The modern home tends to have at least one of the following these days – the staple High Definition TV (with 3D capabilities for some), at least one video game console (take your pick between the Sony PS3, Xbox 360 or Nintendo Wii), an iPad or equivalent tablet device, a computer, a notebook or netbook, and a portable media player of choice. Let’s see now, what else is missing?
Oh yeah, we forgot about the digital photo frame, since that is hardly mentioned and technology involving them tends to stay the same most of the time. Well, GiiNii’s latest foray into this department has resulted in the 8-inch All-In-One Digital Photo Frame, and we’ve taken a real close look at it to let you know what our thoughts and two cents are.
Digital photo frames do boast of one advantage over a standard one – you can update and change its photos according to your own whim and fancy without having to go through the trouble of processing all those films, choosing only one photo per frame. This model sports an 8-inch display, which is an inch more than what most of its competitors offer in the market, and to make it even more realistic, this puppy comes with a changeable bezel just in case you don’t like the one which it comes with.
What are some of the advantages of having the GiiNii All-In-One Digital Photo Frame sit in your living room? Well, it prides itself in being USB camcorder ready, which means you can watch your favorite videos from a plugged in camcorder (via USB, of course), without having to go through the usual file transfer processor with a computer acting as a go-between.
Among the features for images comprise of photo effects, categories, organization options and scrapbooking. Heck, if you think that there aren’t any good photos to share with your family and friends when they drop by, you can always switch its display to show off the current time, or a calendar if you intend to go fully paperless (remember those paper calendars for your home?).
With 2GB of internal memory (that’s the model we received, although the product page mentions just 128MB), you can further augment that through an SD memory card, xD, MMC, or the Memory Stick (Pro, Duo and vanilla) formats. Of course, those are much less unsightly compared to plugging in a USB flash drive at the back, which might be pretty fragile since there is the risk of it snapping off should someone knock over the GiiNii (this one has no magic carpet to fly on) by accident to the floor.
Audio and video formats supported include MP3, AVI, MPEG-4 and H.264, so you need not fret since those are more or less the more popular formats out there at the moment, and look set to be for some time to come.
We do find the user interface to be a bit sluggish, and it does take some getting used to. The scroll wheel located at the back of the digital photo frame doesn’t feel as solid as we would like it to be, but it isn’t going to detract from your overall user experience in the long run once you’ve gotten used to it. Most of the functions can be accessed on-the-fly, but if you want to do some digital scrapbooking, then you are required to log on to Giinii.com, but as for others who just want to use the GiiNii as a standard digital photo frame, it is a snap to copy over the images of choice into its internal memory or compatible memory card.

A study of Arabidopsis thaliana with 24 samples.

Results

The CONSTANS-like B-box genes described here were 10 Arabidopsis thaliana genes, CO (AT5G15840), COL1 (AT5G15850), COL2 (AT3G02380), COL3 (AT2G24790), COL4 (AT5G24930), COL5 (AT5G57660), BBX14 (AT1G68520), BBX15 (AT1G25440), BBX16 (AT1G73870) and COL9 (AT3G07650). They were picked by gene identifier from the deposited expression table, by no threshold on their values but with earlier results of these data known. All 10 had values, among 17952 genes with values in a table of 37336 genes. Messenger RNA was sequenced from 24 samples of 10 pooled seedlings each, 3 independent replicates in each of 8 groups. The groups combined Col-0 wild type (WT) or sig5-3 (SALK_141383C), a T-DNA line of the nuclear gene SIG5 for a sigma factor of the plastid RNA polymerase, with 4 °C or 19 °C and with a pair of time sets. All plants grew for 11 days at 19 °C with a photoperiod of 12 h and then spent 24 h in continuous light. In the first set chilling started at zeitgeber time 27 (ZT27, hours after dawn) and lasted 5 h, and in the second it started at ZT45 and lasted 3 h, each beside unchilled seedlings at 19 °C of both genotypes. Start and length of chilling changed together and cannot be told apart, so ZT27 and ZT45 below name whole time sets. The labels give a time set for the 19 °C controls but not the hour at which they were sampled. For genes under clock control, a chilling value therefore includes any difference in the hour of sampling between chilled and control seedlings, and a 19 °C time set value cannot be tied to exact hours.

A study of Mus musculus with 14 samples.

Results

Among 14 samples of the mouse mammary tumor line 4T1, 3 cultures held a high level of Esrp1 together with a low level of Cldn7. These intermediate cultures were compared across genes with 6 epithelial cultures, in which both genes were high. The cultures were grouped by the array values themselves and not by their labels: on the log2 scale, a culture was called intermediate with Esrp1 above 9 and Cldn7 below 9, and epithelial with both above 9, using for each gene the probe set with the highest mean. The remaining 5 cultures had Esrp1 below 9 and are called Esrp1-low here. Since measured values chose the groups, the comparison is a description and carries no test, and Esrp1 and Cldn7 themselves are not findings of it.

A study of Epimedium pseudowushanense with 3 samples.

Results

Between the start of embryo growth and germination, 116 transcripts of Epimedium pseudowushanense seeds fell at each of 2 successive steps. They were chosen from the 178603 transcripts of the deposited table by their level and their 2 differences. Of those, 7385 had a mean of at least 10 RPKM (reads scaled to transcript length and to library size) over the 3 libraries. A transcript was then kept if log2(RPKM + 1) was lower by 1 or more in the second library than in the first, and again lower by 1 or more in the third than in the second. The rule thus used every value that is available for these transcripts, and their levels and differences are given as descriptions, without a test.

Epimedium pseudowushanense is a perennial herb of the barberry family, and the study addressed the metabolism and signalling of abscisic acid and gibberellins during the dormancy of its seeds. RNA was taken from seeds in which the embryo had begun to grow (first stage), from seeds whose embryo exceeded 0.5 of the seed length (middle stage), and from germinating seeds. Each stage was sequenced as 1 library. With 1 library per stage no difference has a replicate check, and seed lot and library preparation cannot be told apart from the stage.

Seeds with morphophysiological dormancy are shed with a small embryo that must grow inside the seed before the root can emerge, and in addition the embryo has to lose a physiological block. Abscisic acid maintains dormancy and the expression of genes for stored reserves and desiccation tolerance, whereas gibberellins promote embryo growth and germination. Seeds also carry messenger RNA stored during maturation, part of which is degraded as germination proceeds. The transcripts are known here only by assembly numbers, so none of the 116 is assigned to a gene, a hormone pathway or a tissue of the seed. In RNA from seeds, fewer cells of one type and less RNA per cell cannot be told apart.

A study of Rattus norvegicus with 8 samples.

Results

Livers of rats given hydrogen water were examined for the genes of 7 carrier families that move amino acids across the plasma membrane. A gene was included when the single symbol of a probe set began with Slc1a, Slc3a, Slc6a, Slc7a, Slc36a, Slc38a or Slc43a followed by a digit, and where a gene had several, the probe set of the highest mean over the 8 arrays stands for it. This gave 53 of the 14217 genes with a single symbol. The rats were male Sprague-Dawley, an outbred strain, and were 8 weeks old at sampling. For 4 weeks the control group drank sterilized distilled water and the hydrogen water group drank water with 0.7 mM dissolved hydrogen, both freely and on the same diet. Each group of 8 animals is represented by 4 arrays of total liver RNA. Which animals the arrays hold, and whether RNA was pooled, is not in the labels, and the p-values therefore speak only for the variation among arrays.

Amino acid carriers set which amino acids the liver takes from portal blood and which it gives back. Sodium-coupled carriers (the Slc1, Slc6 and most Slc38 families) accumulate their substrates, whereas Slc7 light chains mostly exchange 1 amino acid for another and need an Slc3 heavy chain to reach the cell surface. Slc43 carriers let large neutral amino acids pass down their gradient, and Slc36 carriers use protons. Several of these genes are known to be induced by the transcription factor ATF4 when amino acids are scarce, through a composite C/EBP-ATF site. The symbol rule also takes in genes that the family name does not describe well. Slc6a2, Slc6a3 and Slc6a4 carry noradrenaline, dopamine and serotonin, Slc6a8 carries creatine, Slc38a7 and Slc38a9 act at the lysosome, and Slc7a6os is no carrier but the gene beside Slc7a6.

One more thing – you had better make sure you label its remote control, since with the plethora of devices that are already around in your home, having another remote added to the collection might just make life more complicated. Couch potatoes would be happy though, as they can always access the various functions without having to remove their butt from their favorite sofa.
Since the GiiNii All-In-One Digital Photo Frame needs to be plugged in at all times to display your favorite photos, will it do a number on the environment? Impact is minimized since this adheres to the Energy Star rating standard, which means Greenpeace activists won’t be knocking down your door anytime soon or lying prone in front of your driveway.
As with most digital photo frames, the display can be said to be one of the most important components, and we didn’t come away too impressed with it, compared to models from other manufacturers. If you look real close, you are able to notice all the screen lines, which isn’t desirable but at least the whole thing works just fine on average. Part of the reason could be because of the 800 x 600 resolution and a 4:3 aspect ratio on its LED display – not exactly 2011 class specifications, don’t you think so?
There were also issues with video playback, with some files (MP4 format) being recognized on the list of titles, but upon clicking it, nothing happens. Zilch. Nada. At first we thought that this was a glitch in our video formatting, but doing a quick check on Google has proved that the same problem plagued other GiiNii owners as well. Not exactly a make-or-break negative since this is primarily a digital photo frame and not a flat screen TV.
Just in case you do not have any decent photos to display on this, at least it comes with a dozen pre-loaded images that showcase the best of America. Pricing wise, it hovers near the Benjamin mark, give or take a tenner depending on the retailer you’re prone to visit.